Goldfein Says Media Chill Because OPSEC Muscles Have Atrophied

CSAF Gen. David Goldfein talks to reporters at the National Museum of the United States Air Force, April 18, 2017. USAF photo by Wesley Farnsworth.

Two weeks after the Air Force announced a six-month hiatus in media engagements to allow time for airmen at all levels to undergo refresher training in how to talk to the press, Chief of Staff Gen. David Goldfein explained it’s because operational security has “atrophied” in the post-Cold War era, and is necessary again now that the US is engaged in a “great power competition.”

Meeting with defense reporters in Washington Thursday, Goldfein said that as a junior officer during the 1980s, he had received extensive training in how not to discuss or allude to things that could be useful to America’s military adversaries.

“That was the world that we were in. There were things we talked about and things we didn’t talk about,” he said.

Now, “We’re coming out of 17 years of conflict where we haven’t been in the great power competition game, so therefore we’ve been a little looser in the things we talk about,” he said.

Recently, there were “three or four incidents in a row” where press reports “skirted the edge” of giving away sensitive operational details, Goldfein claimed, and “the Secretary [Heather Wilson] and I were uncomfortable.” While the information was “not inappropriate for the world we were living in when violent extremism was the primary threat,” the stories were “inappropriate when we’re in a great power competition.” Adversaries pay close attention to “what we write, … say, … do.”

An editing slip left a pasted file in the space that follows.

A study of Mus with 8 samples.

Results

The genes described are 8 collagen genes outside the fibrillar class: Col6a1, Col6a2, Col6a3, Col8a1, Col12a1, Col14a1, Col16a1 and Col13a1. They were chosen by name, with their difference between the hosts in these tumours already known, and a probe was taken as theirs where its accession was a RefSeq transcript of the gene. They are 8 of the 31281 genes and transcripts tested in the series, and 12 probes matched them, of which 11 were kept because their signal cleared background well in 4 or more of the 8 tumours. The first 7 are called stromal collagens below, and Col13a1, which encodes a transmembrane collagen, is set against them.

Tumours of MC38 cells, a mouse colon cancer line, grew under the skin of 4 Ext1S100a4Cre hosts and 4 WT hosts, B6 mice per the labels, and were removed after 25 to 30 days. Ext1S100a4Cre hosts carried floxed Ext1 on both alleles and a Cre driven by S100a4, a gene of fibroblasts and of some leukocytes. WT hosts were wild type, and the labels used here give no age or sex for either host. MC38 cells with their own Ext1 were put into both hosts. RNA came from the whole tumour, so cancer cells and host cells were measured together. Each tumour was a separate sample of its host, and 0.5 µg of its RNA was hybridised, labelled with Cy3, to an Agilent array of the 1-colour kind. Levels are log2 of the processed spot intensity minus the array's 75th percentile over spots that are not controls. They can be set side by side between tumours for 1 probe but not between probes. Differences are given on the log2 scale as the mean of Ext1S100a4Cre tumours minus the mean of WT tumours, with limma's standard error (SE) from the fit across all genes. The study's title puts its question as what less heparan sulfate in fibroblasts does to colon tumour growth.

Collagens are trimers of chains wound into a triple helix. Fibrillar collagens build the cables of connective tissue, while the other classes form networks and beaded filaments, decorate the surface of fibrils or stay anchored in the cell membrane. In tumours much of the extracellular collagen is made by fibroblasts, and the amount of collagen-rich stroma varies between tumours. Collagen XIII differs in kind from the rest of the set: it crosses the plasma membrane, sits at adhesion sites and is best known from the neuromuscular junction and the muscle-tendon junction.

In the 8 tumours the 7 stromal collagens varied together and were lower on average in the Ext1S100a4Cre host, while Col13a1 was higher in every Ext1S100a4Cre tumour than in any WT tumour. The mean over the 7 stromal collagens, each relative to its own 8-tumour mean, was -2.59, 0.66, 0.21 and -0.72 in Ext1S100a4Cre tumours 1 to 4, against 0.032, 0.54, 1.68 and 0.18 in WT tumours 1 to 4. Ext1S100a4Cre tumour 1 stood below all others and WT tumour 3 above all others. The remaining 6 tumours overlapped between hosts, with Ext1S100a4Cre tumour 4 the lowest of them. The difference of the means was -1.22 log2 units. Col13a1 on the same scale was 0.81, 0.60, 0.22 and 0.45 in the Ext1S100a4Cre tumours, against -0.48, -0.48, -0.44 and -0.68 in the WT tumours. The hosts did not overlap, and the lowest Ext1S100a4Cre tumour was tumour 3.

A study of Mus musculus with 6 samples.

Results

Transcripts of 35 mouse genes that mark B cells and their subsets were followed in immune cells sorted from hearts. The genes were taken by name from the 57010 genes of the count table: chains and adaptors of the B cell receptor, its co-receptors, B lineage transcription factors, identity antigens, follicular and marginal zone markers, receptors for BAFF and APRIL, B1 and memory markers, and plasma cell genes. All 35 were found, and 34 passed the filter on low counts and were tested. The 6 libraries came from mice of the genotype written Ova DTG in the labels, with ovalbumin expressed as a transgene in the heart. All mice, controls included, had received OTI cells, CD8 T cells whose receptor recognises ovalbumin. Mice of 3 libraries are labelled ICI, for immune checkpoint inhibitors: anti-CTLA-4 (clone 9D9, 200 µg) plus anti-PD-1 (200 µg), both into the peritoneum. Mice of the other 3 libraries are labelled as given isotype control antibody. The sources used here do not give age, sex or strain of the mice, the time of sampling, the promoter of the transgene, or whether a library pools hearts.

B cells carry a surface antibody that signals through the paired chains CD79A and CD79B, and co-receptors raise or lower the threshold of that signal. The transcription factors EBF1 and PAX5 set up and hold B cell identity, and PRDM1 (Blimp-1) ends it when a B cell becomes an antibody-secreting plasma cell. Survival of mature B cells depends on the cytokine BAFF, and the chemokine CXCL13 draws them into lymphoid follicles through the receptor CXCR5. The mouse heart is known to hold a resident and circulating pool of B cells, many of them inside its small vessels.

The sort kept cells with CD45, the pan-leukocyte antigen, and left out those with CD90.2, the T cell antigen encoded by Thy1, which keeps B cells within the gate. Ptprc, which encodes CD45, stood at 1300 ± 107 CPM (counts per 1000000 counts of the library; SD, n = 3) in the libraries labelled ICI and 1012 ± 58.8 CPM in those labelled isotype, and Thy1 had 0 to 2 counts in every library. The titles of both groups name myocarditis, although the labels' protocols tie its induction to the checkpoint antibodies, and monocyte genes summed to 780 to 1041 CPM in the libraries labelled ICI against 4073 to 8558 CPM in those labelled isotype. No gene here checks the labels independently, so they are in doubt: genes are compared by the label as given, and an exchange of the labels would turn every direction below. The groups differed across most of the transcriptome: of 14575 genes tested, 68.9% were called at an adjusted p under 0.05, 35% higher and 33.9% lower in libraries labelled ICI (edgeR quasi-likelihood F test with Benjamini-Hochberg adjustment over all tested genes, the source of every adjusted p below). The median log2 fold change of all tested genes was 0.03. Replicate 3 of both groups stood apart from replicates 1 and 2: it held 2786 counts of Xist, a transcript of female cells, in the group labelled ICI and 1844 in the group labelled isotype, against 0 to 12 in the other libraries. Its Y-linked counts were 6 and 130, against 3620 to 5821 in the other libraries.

Goldfein said the right amount to say is “always a balancing act. … We have an obligation to speak to the American people and tell them what’s going on, … and speak to you,” he said. “We take that obligation seriously.” Goldfein expressed his hope that “what you’ll report back to me is that there will be no difference.”

Major command chiefs and progressively lower-ranking officials have received “significant training” already, Goldfein said, saying the process is meant to give airmen “the tools they need.” He promised to convene reporters for a status check in two or three months on whether USAF is living up to its obligations to “tell … our stories.”